Who's Hot: The Good Earth
Most people don't give much thought to the ground beneath their feet. But in the construction industry, dirt can be a huge headache. Contractors working on large excavations such as underground parking garages need someplace to dump the soil they dig up. And contractors who need to fill holes or level ground have to find a whole lot of it.
Now contractors who used to make dozens of phone calls to find dirt or a place to dump it can instead make a single call to DirtMarket. The 35-employee, $20 million company matches dirt buyers and sellers, and tests and transports the soil. "We're like a dating service for dirt," says Dave Rossi, who co-founded the Los Gatos (Calif.) dirt broker with his wife, Lesley Matheson.
Rossi, now 37, was working as a manager for a commercial construction company in 1999 when he realized how much time and effort went into handling dirt. "Getting rid of dirt was a difficult task that required calling a lot of different people, many of whom weren't the most scrupulous," says Rossi. He thought a Web site would be a good way to match the players and mentioned the idea to Matheson, who has a PhD in computer science from Princeton and an MBA from the Wharton School at the University of Pennsylvania. Matheson, 47, went to work building a local search engine that linked dirt buyers and sellers based mostly on location—years before Google and Yahoo! rolled out their own local search capabilities. Says Matheson: "In some respects, we were ahead of our time."
The couple tapped their savings and pooled funds from eight investors, raising $1.7 million to launch Dirt- Market.com. But contractors didn't embrace the site. "Most didn't even have e-mail," says Rossi. Undeterred, they used the technology Matheson developed to become dirt brokers, directly matching contractors who pay them to remove dirt with those who pay them to find it. DirtMarket takes a cut on both sides of the transaction, with profit margins averaging around 25%.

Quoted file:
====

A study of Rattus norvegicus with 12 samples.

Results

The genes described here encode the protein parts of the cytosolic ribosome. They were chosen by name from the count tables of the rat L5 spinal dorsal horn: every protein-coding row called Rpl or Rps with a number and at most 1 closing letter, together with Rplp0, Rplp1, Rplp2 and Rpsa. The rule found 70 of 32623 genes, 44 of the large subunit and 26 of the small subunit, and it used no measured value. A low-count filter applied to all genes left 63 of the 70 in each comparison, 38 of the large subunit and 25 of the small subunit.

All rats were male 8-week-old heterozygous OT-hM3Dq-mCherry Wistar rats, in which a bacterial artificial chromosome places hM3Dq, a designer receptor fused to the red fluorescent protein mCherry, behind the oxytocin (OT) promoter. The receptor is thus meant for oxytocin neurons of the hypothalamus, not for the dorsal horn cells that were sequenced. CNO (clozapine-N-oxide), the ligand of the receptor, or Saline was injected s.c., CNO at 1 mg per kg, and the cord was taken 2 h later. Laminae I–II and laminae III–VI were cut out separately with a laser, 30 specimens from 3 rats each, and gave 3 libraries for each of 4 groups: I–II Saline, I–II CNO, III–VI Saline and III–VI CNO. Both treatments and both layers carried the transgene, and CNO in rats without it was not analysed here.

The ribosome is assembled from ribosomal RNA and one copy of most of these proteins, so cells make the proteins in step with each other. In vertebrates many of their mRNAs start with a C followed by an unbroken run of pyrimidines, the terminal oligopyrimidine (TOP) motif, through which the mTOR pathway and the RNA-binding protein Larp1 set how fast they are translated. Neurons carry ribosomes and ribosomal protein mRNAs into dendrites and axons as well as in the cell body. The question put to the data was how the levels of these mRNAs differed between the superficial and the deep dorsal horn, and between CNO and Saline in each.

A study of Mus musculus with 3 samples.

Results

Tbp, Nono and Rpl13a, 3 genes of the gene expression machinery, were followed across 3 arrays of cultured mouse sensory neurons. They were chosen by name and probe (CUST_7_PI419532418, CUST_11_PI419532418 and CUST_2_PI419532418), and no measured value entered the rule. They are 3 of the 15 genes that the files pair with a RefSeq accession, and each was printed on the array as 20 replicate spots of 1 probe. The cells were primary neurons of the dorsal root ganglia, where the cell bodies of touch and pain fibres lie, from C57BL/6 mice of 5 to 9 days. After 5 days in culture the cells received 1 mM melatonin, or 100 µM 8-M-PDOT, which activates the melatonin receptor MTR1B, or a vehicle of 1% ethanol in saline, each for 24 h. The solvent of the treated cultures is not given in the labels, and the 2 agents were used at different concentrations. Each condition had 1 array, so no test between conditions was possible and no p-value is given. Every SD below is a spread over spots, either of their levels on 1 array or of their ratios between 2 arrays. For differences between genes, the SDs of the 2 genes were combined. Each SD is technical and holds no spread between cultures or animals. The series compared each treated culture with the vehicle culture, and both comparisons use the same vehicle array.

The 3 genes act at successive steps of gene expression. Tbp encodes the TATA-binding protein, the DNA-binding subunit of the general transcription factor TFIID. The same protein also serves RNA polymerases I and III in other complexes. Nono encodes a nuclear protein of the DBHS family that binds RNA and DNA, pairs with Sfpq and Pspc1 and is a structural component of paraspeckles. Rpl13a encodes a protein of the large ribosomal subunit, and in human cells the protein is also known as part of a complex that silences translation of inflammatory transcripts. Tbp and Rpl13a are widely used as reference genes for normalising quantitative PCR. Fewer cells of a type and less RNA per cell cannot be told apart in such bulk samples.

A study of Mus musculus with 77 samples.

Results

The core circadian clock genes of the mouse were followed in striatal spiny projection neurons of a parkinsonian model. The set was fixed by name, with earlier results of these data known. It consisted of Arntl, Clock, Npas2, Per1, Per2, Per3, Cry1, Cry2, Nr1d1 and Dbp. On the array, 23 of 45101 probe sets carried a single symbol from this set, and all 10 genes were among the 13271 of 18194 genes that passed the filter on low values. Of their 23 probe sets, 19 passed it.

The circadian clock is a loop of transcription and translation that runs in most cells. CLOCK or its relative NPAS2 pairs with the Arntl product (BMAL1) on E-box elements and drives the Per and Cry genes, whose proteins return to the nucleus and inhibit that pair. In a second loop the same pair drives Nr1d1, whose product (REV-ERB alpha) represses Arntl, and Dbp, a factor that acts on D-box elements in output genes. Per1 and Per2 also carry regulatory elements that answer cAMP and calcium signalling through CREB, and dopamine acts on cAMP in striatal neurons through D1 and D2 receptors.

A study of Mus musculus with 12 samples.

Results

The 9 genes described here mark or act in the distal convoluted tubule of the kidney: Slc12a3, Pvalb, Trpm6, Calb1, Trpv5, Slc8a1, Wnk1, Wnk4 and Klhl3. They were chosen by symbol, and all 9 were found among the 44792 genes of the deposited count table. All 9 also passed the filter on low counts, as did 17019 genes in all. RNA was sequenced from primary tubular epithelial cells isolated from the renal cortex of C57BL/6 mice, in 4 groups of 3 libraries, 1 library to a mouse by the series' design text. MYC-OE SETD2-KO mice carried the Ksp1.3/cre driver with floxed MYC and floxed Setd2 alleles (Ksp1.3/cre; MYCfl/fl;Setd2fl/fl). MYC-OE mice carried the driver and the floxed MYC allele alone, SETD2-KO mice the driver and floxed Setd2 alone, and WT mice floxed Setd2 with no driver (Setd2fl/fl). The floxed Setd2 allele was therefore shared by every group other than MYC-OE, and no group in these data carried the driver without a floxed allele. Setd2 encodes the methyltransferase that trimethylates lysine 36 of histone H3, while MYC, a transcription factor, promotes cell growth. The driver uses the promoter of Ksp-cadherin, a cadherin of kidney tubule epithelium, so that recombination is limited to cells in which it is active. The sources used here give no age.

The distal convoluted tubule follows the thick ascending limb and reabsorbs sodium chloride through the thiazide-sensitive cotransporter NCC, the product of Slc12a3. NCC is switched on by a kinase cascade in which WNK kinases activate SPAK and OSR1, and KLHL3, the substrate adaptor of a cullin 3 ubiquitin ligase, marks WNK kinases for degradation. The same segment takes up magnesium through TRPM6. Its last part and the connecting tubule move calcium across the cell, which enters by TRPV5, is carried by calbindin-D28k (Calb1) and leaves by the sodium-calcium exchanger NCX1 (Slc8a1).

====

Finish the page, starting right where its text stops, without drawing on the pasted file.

In 2004, the company spotted another niche. When a project involves a lot of excavation, a construction company typically hires an engineering firm to remove dirt from the site, which can account for as much as 75% of a project's costs. "We always thought the process was backwards," says Rossi. So DirtMarket started an engineering contracting division that oversees a project, including hiring an engineering firm, handling the dig, and removing the dirt. About 80% of the company's revenue now comes from this division, which it markets primarily by word of mouth. Says Rossi: "We have a lot of repeat customers."
The couple, who met on a blind date, have divided the tasks of running the company according to their complementary strengths. Matheson, the company's president, manages operations. "I'm happy working in an office, surrounded by computers," she says. "Dave's the gregarious, hand-shaking guy." As CEO, Rossi handles business development, including a new partnership with Home Depot. Landscapers, homeowners, and other customers at 60 Home Depot stores can place orders in the store and get soil, bark, or rock delivered through DirtMarket. Rossi expects the service to be in 500 stores, primarily in the West, in the next three years. It seems Rossi and Matheson have hit pay dirt.